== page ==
Union officials have condemned the use of schools staff to perform roles traditionally undertaken by qualified social workers at Calderdale Council.
Community Care understands the support staff at the West Yorkshire authority will go on assessment visits with social workers – although the council has refused to confirm this.
The schools staff will also be asked to carry out administration tasks such as agency checks and information gathering.
The council claims the move will lead to integrated working but the Calderdale branch of Unison has slammed the idea, calling it a “slap in the face” for social workers.
“I’m not saying that our members in schools are not capable of doing the work, but it takes years of training to become a social worker,” said branch secretary Gary Firth.
Some school staff, including a learning mentor and community support manager, have already been assigned to the children’s services initial response team during the summer holidays.
They will work under the guidance and direction of social workers and will not have case holding responsibility, according to the council.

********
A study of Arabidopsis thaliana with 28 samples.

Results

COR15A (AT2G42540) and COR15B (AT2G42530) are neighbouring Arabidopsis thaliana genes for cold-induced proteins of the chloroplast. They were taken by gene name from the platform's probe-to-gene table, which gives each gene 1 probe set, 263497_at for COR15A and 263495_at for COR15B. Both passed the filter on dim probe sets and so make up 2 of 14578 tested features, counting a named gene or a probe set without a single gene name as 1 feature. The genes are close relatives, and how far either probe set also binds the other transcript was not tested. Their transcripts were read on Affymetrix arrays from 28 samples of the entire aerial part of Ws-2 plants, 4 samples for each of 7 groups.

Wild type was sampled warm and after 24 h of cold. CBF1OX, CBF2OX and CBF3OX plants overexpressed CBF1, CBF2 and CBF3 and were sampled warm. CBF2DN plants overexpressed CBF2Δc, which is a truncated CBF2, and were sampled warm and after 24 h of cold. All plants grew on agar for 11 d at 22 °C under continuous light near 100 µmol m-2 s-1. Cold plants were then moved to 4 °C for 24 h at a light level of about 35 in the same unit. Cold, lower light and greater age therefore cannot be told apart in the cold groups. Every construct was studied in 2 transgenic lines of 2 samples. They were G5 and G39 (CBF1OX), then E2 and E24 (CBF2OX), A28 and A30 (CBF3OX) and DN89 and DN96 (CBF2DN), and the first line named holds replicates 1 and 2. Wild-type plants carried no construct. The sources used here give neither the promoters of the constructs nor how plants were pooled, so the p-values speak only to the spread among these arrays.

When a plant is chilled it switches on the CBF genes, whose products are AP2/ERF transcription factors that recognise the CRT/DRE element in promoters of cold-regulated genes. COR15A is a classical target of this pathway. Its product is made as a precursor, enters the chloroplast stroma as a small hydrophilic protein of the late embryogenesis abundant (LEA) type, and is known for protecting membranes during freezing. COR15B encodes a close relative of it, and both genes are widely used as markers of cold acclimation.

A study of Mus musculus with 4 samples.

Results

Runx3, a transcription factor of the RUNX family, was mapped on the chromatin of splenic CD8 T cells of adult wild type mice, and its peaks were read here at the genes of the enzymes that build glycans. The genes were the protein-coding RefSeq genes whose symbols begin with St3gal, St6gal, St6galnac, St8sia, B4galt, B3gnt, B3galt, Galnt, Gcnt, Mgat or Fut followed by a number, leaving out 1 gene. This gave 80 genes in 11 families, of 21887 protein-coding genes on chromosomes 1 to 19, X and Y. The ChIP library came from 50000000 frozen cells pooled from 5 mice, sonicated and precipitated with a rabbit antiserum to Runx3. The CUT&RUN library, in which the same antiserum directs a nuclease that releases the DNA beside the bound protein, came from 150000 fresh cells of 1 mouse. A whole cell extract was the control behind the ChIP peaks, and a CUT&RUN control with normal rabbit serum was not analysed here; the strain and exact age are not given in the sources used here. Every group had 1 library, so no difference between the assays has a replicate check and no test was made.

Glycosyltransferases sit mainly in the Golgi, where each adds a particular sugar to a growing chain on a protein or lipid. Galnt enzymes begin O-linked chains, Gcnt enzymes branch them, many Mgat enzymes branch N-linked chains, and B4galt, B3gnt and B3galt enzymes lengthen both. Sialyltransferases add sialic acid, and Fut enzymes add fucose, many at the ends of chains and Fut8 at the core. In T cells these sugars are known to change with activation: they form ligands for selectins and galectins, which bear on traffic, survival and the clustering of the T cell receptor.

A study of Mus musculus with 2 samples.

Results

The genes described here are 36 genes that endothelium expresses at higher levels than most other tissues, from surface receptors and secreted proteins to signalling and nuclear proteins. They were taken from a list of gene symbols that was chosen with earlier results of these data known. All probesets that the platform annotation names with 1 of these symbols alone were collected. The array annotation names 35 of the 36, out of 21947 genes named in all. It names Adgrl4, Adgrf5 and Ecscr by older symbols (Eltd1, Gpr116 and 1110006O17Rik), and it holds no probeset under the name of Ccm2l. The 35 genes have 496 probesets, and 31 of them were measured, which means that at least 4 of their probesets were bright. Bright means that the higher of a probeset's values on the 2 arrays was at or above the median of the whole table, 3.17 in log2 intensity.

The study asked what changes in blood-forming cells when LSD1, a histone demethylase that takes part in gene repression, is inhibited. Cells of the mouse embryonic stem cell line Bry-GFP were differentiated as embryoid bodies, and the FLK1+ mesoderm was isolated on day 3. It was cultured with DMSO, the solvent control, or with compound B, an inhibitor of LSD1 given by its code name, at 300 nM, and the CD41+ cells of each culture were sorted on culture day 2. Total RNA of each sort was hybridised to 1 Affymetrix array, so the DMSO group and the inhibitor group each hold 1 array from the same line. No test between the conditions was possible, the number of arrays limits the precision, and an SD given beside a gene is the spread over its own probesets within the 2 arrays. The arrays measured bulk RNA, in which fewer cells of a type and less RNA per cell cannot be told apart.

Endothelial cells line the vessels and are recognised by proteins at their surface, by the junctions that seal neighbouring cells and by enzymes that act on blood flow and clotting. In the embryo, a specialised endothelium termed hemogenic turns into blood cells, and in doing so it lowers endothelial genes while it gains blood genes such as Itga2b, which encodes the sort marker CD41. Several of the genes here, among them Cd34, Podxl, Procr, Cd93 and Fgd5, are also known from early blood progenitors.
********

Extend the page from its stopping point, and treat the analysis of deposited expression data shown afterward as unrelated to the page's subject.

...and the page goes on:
Firth questioned the wisdom of asking unqualified staff to work in such a high pressure environment.
“The council’s time would be better spent recruiting new social workers and ensuring the remaining ones are not overburdened with cases,” he said.
A report by Ofsted earlier this year found ongoing weaknesses in the council’s initial response team, including unallocated cases and inconsistent thresholds.
Inspectors found there had been little improvement since an unannounced inspection in July 2009, which had revealed evidence of children being left “at risk of significant harm over many years”.
But a spokesperson for the council said there were no vacancies in the initial response team and the numbers of staff had actually increased.
“This is a professional development opportunity and will help us to develop and improve interagency working,” said the spokesperson.